Disney Infinity 3.0: Toy Box Takeover
Developer: Avalanche Software, Ninja Theory
Platforms: Xbox One, Xbox 360, PS4 (Reviewed), PS3, Wii U, PC
Release Date: October, 2015
Price: AU$24.95 – Not Yet Available
One of Disney Infinity’s most lingering criticisms is the fact that there has been no way to play as all of the figures together in a structured environment, instead you can only have Aladdin meet Groot in the Toy Box. Well, with such a repeated criticism, Avalanche have finally answered it with the brand new Toy Box Expansion Games. These games serve a similar role to the Play Sets and allow you to take on their challenge as any of the Disney Infinity roster. Toy Box Takeover is the first of these Expansion Games and has you making your way through a Diablo-styled dungeon crawler in search of foes to vanquish, treasures to loot and more.
Syndrome has managed to swoop in and capture the Toy Box Magic Wand (the item you use to move things around in the Toy Box) from Mickey Mouse and with it plans to unleash all kinds of chaos in his bid to control the world. It is up to the other Toy Box characters to step up to the plate, and traverse Syndrome’s four worlds, defeating his allies in the process in order to return peave and tranquility to the Toy Box.
Admittedly, this is a pretty light story but it serves its purpose well enough. In a game like this, you really don’t want to be bogged down by unnecessary exposition, especially if your kids are the ones playing the game. Not only that but the cut-scenes that bookend the game are actually pretty funny, and well worth the watch.
Ever since Disney Infinity 1.0, each Play Set and Toy Box Game has felt like it was inspired by a different game-series or genre. Well the same is true here, as Toy Box Takeover feels heavily inspired by Diablo and other similar dungeon crawling RPGs. With you, your sidekick and up to three other players (if playing online), you will traverse the game’s five worlds, defeating enemies, discovering hidden passageways and of course; collecting loot.
Toy Box Takeover has one of those 45-degree angled isometric viewpoints which really adds to the Diablo-esq feeling of the game. In addition, since each character plays somewhat differently to one another, they each feel like a separate class, allowing for some really cool interactions and team-ups. The fact that every character is available for use, and that they all feel and play differently in this structured environment really makes Toy Box Takeover an experience that you can’t really have anywhere else in DI.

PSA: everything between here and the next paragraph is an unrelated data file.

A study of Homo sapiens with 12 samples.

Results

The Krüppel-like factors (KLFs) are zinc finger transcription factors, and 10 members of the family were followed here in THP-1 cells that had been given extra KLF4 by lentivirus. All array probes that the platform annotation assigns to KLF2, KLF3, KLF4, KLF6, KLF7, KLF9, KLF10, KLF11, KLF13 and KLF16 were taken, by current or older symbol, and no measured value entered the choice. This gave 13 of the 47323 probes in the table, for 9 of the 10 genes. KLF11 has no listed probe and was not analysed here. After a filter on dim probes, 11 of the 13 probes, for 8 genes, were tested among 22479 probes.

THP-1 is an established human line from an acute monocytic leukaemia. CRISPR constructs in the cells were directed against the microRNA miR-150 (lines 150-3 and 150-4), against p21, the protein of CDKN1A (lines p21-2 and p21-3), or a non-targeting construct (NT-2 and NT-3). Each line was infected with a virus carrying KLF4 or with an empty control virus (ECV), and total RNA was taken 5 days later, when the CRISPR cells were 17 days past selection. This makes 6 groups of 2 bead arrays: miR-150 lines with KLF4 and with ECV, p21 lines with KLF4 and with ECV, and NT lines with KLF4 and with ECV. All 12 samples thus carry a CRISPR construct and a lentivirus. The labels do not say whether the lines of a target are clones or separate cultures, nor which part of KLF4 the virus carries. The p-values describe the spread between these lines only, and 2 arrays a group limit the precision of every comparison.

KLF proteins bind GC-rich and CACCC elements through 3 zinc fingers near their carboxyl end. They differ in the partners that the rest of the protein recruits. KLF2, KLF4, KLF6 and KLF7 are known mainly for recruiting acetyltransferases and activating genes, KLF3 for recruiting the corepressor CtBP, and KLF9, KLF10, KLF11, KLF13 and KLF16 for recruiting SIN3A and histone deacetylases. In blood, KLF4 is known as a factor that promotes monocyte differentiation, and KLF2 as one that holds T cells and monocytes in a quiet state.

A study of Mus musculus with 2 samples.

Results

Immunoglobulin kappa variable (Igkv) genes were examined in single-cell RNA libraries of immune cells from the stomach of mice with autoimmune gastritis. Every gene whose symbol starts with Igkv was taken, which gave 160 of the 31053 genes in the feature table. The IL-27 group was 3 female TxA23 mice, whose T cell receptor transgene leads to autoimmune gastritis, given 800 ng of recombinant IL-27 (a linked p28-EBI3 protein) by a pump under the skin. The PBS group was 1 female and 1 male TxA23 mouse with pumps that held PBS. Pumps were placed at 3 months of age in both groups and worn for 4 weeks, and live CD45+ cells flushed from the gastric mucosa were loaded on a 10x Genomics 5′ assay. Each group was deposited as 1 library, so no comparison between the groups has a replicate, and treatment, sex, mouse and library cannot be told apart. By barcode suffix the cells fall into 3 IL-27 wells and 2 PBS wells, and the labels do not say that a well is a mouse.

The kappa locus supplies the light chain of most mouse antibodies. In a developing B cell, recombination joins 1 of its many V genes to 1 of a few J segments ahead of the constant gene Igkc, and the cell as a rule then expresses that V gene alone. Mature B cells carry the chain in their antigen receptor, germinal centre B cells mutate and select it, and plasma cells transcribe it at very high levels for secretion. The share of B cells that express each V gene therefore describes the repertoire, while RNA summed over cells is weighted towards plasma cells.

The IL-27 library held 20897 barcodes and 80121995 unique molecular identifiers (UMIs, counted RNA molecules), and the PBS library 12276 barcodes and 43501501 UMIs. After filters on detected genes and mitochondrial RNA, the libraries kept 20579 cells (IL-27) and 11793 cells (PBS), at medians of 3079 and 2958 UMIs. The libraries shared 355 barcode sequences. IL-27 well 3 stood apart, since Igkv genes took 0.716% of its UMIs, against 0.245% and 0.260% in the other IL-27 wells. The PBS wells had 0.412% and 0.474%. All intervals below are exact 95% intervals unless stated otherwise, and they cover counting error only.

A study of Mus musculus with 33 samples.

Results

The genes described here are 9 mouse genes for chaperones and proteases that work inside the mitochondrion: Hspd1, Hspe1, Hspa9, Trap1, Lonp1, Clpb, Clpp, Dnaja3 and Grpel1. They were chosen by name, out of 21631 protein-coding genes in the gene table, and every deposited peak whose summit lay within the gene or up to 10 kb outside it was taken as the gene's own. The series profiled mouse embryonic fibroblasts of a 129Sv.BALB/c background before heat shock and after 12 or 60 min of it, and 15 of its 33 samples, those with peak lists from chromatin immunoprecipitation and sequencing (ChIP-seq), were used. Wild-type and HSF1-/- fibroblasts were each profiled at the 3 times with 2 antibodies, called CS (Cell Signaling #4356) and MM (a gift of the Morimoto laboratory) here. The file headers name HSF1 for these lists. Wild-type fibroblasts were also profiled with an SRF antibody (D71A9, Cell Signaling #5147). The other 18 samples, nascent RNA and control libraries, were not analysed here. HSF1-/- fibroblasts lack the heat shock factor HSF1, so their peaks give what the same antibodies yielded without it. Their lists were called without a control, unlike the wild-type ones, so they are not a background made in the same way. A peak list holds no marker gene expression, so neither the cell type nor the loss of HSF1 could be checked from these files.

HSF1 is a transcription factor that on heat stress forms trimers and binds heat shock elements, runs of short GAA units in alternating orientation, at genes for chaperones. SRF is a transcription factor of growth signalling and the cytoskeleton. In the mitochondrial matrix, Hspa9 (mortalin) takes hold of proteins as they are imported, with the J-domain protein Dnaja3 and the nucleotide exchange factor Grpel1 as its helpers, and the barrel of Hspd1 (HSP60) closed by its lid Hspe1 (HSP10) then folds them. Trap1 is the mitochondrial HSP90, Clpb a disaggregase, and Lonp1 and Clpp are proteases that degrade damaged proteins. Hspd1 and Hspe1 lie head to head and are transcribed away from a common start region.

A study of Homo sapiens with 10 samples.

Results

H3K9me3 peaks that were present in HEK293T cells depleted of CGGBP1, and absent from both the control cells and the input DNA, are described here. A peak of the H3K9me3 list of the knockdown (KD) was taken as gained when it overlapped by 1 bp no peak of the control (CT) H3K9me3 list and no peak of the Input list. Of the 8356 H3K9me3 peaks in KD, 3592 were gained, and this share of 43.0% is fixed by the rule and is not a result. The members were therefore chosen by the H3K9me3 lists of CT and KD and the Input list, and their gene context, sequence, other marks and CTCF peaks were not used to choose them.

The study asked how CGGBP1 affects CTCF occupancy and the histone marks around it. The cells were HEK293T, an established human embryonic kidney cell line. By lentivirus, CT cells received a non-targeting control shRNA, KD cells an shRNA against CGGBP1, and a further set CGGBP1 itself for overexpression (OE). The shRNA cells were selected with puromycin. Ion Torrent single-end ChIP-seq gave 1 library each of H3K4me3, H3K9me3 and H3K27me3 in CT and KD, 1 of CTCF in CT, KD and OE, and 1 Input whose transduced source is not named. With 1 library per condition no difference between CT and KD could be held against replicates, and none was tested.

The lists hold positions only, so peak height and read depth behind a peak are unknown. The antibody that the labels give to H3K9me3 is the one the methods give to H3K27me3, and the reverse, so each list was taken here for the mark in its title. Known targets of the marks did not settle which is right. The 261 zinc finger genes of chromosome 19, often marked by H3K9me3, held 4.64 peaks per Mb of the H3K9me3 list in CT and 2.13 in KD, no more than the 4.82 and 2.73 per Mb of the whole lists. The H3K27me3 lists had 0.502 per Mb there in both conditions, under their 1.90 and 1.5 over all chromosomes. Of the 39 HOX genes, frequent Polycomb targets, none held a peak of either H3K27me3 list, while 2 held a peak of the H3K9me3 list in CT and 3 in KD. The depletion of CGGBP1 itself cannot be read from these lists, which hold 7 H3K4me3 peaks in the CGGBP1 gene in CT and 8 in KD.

I will say though that Toy Box Takeover is not very long. Playing at medium difficulty you will likely shred through the game in a couple of hours. There is a bit of an incentive to replayability, with more loot being unlockable if you do so but I personally am not a fan of this type of “replayability,” where you just do the same stuff over again to grind for better loot. Amping up the difficulty is another feature available to you, with Extreme difficulty feeling like a completely different game to Medium, one in which will pose a challenge to even the most seasoned gamer.
Toy Box Takeover has some problems; it is a bit short and the false sense of replayability is something that irks me, but at the same time the game itself is a lot of fun. I wasn’t sure what to expect when I first placed the unlock disc on the Infinity Base, but I was pleasantly surprised. Hopefully as the game gets bigger and bigger, Avalanche can whip up a few more of these that are longer and have a little more depth, but it really is a step in the right direction.